The following is an excerpt from our new Core booklet, Called to War: The Christian and the Military. Learn more and request your free copy here.
God’s word provides consolation for those who are called to the military. This isn’t because America is a promised land or because we advance the kingdom of God through force of arms. Rather, we find comfort from those who lived lives of perpetual warfare and who took refuge in the wings of the living God (Ps. 91).
Take the apostle Paul, for example. He faced endless hardships, as he recounted:
Are they servants of Christ? I am a better one—I am talking like a madman—with far greater labors, far more imprisonments, with countless beatings, and often near death. Five times I received at the hands of the Jews the forty lashes less one. Three times I was beaten with rods. Once I was stoned. Three times I was shipwrecked; a night and a day I was adrift at sea; on frequent journeys, in danger from rivers, danger from robbers, danger from my own people, danger from Gentiles, danger in the city, danger in the wilderness, danger at sea, danger from false brothers; in toil and hardship, through many a sleepless night, in hunger and thirst, often without food, in cold and exposure. And, apart from other things, there is the daily pressure on me of my anxiety for all the churches. Who is weak, and I am not weak? Who is made to fall, and I am not indignant?
(2 Cor. 11:23–29)
Notice all the times that he mentions danger. He was constantly on the front lines, so to speak. But he didn’t shrink back. Why? He said, “But I do not account my life of any value nor as precious to myself, if only I may finish my course and the ministry that I received from the Lord Jesus, to testify to the gospel of the grace of God” (Acts 20:24). He braved the dangers of this world because to him, to live was Christ and to die was gain (Phil. 1:21).
Danger is the default for the Christian, not the exception. Like Abel before Cain, the world will bring their hatred of God to bear against those who belong to him (Gen. 4). How do we, like Paul, stand before such hostility? I find Paul’s words to Timothy particularly helpful here:
Remember Jesus Christ, risen from the dead, the offspring of David, as preached in my gospel, for which I am suffering, bound with chains as a criminal. But the word of God is not bound! Therefore I endure everything for the sake of the elect, that they also may obtain the salvation that is in Christ Jesus with eternal glory. The saying is trustworthy, for:
If we have died with him, we will also live with him;
if we endure, we will also reign with him;
if we deny him, he also will deny us;
if we are faithless, he remains faithful—
for he cannot deny himself.
(2 Tim. 2:8–13)
This passage isn’t simply about persecution. Paul’s suffering encompasses everything from his own sin to all that Satan and the world can do to him. But he’s not deterred. Why? Because, unlike Paul, the word of God is not chained. God’s gracious love and power continue to overflow the earth, even as we’re overwhelmed in the process. Therefore, we endure. We endure because he is faithful.
Overcoming Our Adversary
And this literally brings us to the crux of the matter. Jesus was born into a world that was hostile to him. He was born into the dark of night and there would be no room in either the inns or hearts of man to accommodate him. He contended with Satan—without food, but with the word of God—for forty days, and unlike Adam and all who came after him, he overcame our wicked adversary (Luke 4).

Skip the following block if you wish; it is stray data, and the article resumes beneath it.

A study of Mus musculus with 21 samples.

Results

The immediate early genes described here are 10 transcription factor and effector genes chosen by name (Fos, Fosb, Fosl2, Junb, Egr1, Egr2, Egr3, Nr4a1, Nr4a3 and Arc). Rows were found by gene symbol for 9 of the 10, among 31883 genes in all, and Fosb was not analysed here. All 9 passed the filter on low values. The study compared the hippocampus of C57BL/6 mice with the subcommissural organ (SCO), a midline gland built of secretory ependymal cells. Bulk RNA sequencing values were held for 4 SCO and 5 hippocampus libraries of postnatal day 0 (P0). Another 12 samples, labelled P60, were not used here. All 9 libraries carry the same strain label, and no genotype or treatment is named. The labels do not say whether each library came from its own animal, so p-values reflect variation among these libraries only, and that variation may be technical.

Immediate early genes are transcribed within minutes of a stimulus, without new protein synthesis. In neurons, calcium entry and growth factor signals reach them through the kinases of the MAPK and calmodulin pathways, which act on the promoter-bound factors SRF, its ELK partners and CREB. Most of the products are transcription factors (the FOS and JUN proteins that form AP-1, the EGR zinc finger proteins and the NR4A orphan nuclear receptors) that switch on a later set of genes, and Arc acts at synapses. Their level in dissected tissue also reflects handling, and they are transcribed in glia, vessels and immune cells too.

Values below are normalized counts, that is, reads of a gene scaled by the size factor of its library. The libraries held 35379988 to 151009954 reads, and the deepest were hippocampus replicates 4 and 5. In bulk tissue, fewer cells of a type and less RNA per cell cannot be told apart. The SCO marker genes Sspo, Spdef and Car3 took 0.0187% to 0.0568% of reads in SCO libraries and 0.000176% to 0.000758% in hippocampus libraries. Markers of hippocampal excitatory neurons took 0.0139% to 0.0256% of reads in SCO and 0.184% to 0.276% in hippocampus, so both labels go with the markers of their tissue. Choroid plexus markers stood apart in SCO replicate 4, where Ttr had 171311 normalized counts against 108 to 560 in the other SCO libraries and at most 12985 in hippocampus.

While Satan continually afflicted Jesus throughout his earthly ministry, there was perhaps no greater contest than when Jesus was in the Garden of Gethsemane (Luke 22:39–46). Even as he instructed the disciples to pray that they might not enter temptation (and submit to the tempter), he was in agony within his very soul. The Greek term for “agony” refers to a great contest or battle. This was the final chance to deter Christ from his cross, and while Jesus—in his perfect humanity—recoiled at the thought of God’s wrath, he committed himself to the purest act of sacrificial obedience known to history: “Not my will, but yours be done” (Luke 22:42).
He engaged in this great battle against Satan to undo the harm done by our vanquished head, Adam, in the Garden of Eden. Jesus prevailed in the strength of the Spirit to overcome our adversary so that we can rest in the power of his might when we must contend with him as well (Eph. 6:10–20). He leads us in paths of righteousness for his name’s sake (Ps. 23). He will not fail. And one day, Jesus will put sin, death, and Satan underneath his feet, and we’ll know that we have not suffered in vain (1 Cor. 15; Rev. 19).
Christ’s Victory and Your Calling
When you enter the military, you enter a culture that’s very different from the one in which you were raised. In some ways, this will challenge you and your faith in Jesus. It will test your loyalty to Christ, identity in Christ, and morality. But it can also affirm your faith in subtle and prolific ways. It upholds the value of community, sacrifice, hope, and redemption. These concepts are not made complete in military culture, but they are shadows of some of the most important features of the Christian life.
In the military—like anywhere else—you must strive to live in your identity in Christ and rest in the good fight waged by your Savior that culminated in the cross. If your faith is in Jesus, you not only have an endless source of joy when you’re in “the suck,” but you’ll find unprecedented opportunities to talk about Jesus with people who are open to hearing about him. Our faith rarely finds its footing in comfort. But when we’re drawn outside of our comfort zones, we find that Jesus is all we need.